Charlie Hebdo: on “hate crimes” and blaming the victim

Few people outside of jihadist circles have any reaction besides horror and condemnation for the January 7th attacks on the offices of French satirical paper Charlie Hebdo in Paris, in which two masked gunmen shot and killed 12 people, including nine members of the magazine’s staff and two police officers. The horrific act sparked a nationwide manhunt that culminated today in the deaths of the two suspects, who were holed up with a hostage in a shop north of Paris. The two, who claimed to be trained by al-Qaeda, wished to become martyrs for their Islamist cause, and their wish was granted.

If the goal was to silence opponents of religious extremism (to “avenge” attacks upon the prophet Mohammed, as one of the gunmen stated), this was a senseless and ultimately futile act of murder; no sooner had news of the attack spread than media outlets were retransmitting many of the cartoons which Charlie Hebdo had published and allegedly so offended the perpetrators. But just as senseless were the reactions of some Westerners — even writers, whose livelihoods depend on free expression — who questioned the wisdom of Hebdo in publishing such provocative material in the first place. One stunning example came from Joyce Carol Oates, who wondered if the paper had indeed committed a “hate crime” (update: the tweet has since been deleted; you can view a screenshot here):

This is one of America’s most prolific writers and a recipient of numerous literary awards, someone who has not shied away from controversial subjects herself, and she believes it’s possible that writing or pictures could be considered a “hate crime.” Oates is not alone in this sentiment; one-third of Americans, and over half who identify as Democrats, favor hate crime legislation, including some forms of speech.

Let’s back up for a minute and consider the concept of a “hate crime.” This is a product of a politically-correct social climate which seeks to expunge unpopular thought by attributing to it the magical power of violating other people’s rights, which, for the purposes of so-called hate speech, must include the right not to be offended. Apparently, those who are affronted by rude commentary suddenly lose all agency and are unable to turn away from, or condemn with their own rhetoric, the mean things other people say about them or any group they identify with. It might even drive them to commit murder, and who’s to say their blind rage didn’t play a role? Charlie Hebdo’s editors should have known that their deliberate provocations of religious extremists would lead to their deaths. How irresponsible of them!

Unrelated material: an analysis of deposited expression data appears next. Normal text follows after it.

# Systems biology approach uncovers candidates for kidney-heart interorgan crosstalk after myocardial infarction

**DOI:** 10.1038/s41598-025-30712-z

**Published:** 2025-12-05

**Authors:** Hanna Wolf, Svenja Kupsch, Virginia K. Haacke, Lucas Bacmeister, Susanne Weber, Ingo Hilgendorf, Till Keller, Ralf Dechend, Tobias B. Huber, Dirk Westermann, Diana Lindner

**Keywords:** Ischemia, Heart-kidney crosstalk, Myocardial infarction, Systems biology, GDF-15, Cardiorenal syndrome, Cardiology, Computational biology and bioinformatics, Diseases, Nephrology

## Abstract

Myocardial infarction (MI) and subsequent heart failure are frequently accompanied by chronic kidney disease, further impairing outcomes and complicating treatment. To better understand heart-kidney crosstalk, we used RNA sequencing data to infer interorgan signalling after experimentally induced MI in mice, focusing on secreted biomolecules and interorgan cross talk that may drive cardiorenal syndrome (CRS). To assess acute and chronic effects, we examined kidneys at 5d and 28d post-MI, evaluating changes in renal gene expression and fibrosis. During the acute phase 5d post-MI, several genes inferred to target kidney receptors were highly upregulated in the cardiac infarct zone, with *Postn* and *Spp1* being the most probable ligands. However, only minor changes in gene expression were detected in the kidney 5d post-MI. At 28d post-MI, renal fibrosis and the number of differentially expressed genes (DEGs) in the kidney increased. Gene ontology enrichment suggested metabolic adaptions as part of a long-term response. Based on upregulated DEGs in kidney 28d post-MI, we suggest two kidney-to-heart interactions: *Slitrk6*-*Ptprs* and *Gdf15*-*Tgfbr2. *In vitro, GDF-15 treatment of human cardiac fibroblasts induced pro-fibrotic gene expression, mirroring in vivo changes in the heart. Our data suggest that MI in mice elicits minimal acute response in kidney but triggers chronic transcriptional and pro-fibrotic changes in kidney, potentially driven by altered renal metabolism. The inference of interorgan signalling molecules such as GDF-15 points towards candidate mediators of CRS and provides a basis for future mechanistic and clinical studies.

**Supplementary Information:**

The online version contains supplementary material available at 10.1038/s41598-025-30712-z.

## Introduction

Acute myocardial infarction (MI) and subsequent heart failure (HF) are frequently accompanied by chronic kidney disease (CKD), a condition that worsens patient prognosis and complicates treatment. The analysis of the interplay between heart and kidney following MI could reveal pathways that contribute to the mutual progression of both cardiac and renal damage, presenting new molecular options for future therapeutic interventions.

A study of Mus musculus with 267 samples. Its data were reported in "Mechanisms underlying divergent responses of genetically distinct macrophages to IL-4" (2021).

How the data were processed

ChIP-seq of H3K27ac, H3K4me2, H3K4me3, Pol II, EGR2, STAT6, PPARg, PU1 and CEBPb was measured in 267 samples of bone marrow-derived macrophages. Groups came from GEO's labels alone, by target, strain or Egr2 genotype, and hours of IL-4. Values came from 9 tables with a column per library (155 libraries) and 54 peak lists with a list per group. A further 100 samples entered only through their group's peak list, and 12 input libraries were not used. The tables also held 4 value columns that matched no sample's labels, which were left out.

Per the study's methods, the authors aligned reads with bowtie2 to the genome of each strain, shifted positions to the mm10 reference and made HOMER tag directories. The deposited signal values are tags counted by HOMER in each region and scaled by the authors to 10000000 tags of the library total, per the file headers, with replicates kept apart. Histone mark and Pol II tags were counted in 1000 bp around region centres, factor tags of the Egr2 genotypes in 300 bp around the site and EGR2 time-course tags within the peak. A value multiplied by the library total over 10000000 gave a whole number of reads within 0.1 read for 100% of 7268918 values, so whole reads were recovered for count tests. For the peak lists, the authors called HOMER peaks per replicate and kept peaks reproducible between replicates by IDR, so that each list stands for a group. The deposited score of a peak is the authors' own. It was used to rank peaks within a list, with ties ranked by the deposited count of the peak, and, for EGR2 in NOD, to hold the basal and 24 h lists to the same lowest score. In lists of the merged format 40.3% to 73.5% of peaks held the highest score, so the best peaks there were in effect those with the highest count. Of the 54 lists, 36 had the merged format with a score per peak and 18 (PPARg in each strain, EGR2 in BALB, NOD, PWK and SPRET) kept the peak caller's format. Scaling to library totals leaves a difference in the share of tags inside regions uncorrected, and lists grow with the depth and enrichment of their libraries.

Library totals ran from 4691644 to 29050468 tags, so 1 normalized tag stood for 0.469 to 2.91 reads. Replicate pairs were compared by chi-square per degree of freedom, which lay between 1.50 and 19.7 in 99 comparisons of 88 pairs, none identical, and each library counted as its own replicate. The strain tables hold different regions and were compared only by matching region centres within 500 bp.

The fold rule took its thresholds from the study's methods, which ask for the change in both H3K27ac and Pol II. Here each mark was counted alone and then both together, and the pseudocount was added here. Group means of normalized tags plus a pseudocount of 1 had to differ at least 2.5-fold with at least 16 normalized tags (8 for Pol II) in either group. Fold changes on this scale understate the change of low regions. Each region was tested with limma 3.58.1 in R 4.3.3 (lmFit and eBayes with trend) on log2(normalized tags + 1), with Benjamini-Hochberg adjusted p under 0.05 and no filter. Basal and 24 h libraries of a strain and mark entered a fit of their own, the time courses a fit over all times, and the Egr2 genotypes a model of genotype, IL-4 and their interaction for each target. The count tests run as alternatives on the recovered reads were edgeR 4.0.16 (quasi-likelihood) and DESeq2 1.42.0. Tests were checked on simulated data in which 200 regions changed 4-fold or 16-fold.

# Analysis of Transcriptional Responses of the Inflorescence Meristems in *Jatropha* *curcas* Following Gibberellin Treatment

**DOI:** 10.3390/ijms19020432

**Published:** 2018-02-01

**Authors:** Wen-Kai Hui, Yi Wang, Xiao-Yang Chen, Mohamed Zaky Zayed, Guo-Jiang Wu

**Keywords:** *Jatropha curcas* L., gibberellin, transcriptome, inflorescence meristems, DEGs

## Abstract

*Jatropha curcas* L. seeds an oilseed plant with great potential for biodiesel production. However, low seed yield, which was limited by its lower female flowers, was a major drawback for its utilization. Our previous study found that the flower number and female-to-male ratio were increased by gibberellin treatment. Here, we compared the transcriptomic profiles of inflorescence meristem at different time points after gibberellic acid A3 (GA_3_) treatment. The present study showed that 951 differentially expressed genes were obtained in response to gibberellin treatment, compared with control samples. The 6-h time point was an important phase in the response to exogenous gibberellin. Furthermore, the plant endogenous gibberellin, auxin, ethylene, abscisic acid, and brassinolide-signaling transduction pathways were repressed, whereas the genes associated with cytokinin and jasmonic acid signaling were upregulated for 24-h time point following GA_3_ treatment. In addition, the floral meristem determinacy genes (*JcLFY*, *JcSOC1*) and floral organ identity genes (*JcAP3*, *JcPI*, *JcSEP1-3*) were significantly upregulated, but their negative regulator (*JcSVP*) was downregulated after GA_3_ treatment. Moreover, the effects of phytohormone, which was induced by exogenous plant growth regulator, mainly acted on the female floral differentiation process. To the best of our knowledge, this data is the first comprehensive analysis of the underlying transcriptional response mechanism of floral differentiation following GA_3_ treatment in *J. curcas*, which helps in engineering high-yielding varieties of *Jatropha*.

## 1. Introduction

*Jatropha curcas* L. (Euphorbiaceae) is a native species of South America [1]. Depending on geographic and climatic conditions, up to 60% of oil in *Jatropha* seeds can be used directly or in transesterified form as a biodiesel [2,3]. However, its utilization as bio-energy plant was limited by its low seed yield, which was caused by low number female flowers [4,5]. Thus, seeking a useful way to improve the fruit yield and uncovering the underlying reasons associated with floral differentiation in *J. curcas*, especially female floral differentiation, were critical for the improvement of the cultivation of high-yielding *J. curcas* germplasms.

This is what is known as blaming the victim: finding them guilty to some degree for crimes committed against them by others. Imagine telling a rape victim that it’s terrible she was raped, but why on earth did she go out in public dressed like that? Some men just can’t control themselves! And this sort of shaming happens all too frequently to victims of sexual assault.

It shouldn’t happen to them, nor to victims of other crimes. But the politically-correct crowd in particular seems incapable of unreservedly condemning violence aimed at suppressing speech, if its victims don’t fit their favored ideological mold. There is little doubt that the content in Charlie Hebdo is often crass and confrontational. But that is precisely what satire has to be, if it’s to be successful. And it is simply not up for debate whether the cartoons and columns they published justified massacring the editorial staff. They didn’t. It is entirely possible, and indeed necessary, to defend Charlie Hebdo’s right to exist against violent thugs, even if one can’t endorse its content. To decry their material as “racist” or “Islamophobic” in the context of Wednesday’s shootings misses the point, and worse: it provides the enemies of reason and tolerance with the very ammunition they need to continue their bloody jihad.

    A person walking through a seedy minority neighborhood at 3am is legally blameless if he is robbed, however, he is still an idiot.

    I personally could not give a damn about 99+% of the people on this planet, and just because I am in principle not in favor of organized aggression doesn’t mean I can’t get some satisfaction when some smug French leftard gets his ass blown away for being an obnoxious prick. There is an enormous difference between law and value judgments; just because ‘liberty’ results in a lot of dumbasses breeding their dumbass kids doesn’t mean you can’t wish for the occasional riot to thin the herd.